Hybrid cloud statistics can give a false impression of how many businesses operate in a hybrid environment due to sample size, the industry sector(s) being surveyed, and the way in which survey questions are structured. But these aren’t the only reasons why you should ignore hybrid cloud statistics.
If you rely on statistics to base business decisions related to cloud computing, you might want to reconsider your approach. Although the quote “there are three kinds of lies: lies, damned lies, and statistics” is probably too strong a condemnation of hybrid cloud statistics, the quote “99 percent of statistics only tell 49 percent of the story” is probably closer to the truth.
Statistics are regularly published by software vendors to indicate the state of the market or highlight a problem their solution can solve. It’s only by reading the small print you discover the vendor surveyed a couple of hundred business in a minor industry sector using a heavily loaded question to get the desired responses (i.e. “do you agree hybrid cloud issues could be resolved with a highly skilled workforce?”).
Looking Deeper into Hybrid Cloud Statistics
The first reason for ignoring hybrid cloud statistics is that, although some comprehensive reports display separate survey results by business size, location, or industry sector, more often than not every response is bundled together to produce a headline statistic. Looking at a cross-section of hybrid cloud statistics published already this year, you can see that headline statistics can vary by more than 50%, giving an unreliable picture of hybrid cloud adoption.
Rate of Hybrid Cloud Adoption
What’s most noticeable about these hybrid cloud statistics is that the largest sample size produced the lowest rate of cloud adoption, and the smallest sample size produced the highest rate of hybrid cloud adoption.
What is a Hybrid Cloud?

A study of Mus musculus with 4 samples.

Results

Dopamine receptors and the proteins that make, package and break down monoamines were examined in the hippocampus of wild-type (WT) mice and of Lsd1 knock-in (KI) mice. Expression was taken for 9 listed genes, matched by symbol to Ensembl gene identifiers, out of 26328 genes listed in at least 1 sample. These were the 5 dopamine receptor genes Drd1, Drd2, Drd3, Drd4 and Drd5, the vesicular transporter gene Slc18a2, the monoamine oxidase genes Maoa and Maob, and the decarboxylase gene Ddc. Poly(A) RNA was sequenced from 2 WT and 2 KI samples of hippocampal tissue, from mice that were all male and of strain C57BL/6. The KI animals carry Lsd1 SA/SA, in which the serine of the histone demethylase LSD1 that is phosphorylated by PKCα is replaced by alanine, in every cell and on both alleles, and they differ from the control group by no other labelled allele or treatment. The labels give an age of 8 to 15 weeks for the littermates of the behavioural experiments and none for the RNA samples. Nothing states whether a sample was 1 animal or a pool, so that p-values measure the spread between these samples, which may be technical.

Our second reason for ignoring hybrid cloud statistics is that survey subjects don’t always know they’re operating in a hybrid environment. A 2018 survey conducted by the market research company Forrester (PDF) found that only a third of survey respondents had migrated to a hybrid environment “by design”, with the remainder having found themselves in a hybrid environment. Part of this is due to the way in which different research companies and even Cloud Service Providers define the cloud. For example:
- Nutanix defines a hybrid cloud as “combined use of at least one private cloud and at least one public cloud service, with some degree of integration between the two cloud environments”.
- According to Amazon Web Services, a hybrid cloud “is the integration of on-premises resources with cloud resources”.
- Microsoft, however, defines their hybrid cloud service as “tools and services designed to work together across your on-premises and cloud environments”.
- And according to IBM, a hybrid cloud is “the use of a private cloud foundation combined with the strategic integration and use of public cloud services”.
It’s no wonder survey subjects get confused. Many businesses wouldn’t have regarded their on-premises infrastructure as a private cloud until recently - which explains why hybrid cloud adoption rates appear to have sky-rocketed. Businesses who would have previously answered “we operate in the public cloud” are now changing their answers to “we operate in a hybrid cloud” without changing how they operate at all!
What’s Right for One Business May Not be Right for Your Business
The best reason for ignoring hybrid cloud statistics is that each individual business should base its cloud strategy on what’s appropriate for its own requirements and not be influenced by what other businesses are doing. The “lemmings strategy” of “everybody else is doing it, so we should do it too” is more than likely to have a bad outcome - especially as the statistics on which the business decision is made may be fundamentally flawed.
At CloudHealth, we believe it’s important businesses are aware of the potential advantages and disadvantages of a hybrid cloud environment before deciding to migrate workloads from an on-premises infrastructure to a public or virtual private cloud. In our article “When to use a hybrid cloud strategy”, we concluded there were six factors a business should consider to determine whether a hybrid environment was the right environment for them:
- When the math says a hybrid cloud strategy is appropriate.
- When workloads demand cyclical resources and you do not want to add permanent resources.
- When the law says a hybrid cloud strategy is necessary.
- When you want to keep control of your IT infrastructure.
- When mechanisms exist for the strategy to function seamlessly.